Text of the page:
Family Planning Camp: India’s Response to a Booming Population

P1050281By: Victoria Iannarone

I left my sandals at the door and walked inside. The operating room was full of people: doctors, nurses, assistants, interns, husbands, and of course their wives. Woman after woman was carried into the room and placed on one of three operating tables. A single doctor moved swiftly, completing each tubal ligation in less than two minutes. Instruments were constantly being sanitized and reused. There was so much noise!

It was my first-ever experience at a family planning camp, also known as a tubectomy camp. Such a program was funded by the Indian government in response to the country’s booming population. The Census of India 2011 reports the total population of India is 1,248,588,577 persons, and the national growth rate from 2001 to 2011 was high at 17.64%.

In order to stabilize population growth, the Indian government supports four major forms of birth control. The first form is tubal ligation, which is arguably the most encouraged. The operation is of no cost to women who have delivered two children. This is an effective manner to promote smaller families. Women are even compensated for their travel and stay at the hospital. Tubal ligations are not the only method employed by the Indian government to curb the population’s booming growth rate. Also supported are intrauterine devices, oral contraceptive pills, and condoms. In fact, upon speaking with Village Health Workers of Saradwadi, I learned that condoms are supplied by the government to rural villages for distribution.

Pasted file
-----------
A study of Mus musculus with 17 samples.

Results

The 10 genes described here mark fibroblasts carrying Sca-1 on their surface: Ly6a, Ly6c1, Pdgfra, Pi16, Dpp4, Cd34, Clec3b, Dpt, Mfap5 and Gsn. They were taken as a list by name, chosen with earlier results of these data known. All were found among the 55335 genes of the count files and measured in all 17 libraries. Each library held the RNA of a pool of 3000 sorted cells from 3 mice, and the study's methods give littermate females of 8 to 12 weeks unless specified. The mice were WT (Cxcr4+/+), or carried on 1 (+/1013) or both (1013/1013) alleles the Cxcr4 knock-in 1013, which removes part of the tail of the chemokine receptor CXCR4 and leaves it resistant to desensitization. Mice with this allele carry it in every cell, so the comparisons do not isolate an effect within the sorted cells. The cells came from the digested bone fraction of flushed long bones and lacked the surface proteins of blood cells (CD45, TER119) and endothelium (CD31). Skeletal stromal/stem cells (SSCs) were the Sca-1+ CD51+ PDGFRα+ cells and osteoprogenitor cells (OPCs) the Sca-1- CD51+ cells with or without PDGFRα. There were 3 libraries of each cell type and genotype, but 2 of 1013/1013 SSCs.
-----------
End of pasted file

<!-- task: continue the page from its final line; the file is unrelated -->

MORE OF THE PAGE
To be honest, I was not sure what to expect when I arrived at Julia Hospital that day. It was seven o’clock in the morning and the terrace was filled with families who had been there since the night before. Hammocks were installed between trees, holding newborns. Grandparents were coddling young children. All the women were inside.

Patients were laying side-by-side on a rug in the hospital’s atrium. They had been given an intramuscular injection of an anesthetic. One by one, the women were picked up and carried into the operating room. Each was given another dose of anesthetic before a small incision was made bellow their belly button. The actual tubal ligations were completed laparoscopically—one stitch afterward and the women were good to go. Instruments were sanitized between uses via hot water, medichlor, fast-acting sterilizer, and simple saline. Everyone was smiling! The doctor wore a cap, gown, and gloves. The women wore their saris. It was unlike anything I had seen before, yet I was highly impressed with the efficiency, cleanliness, and care that I observed all around me!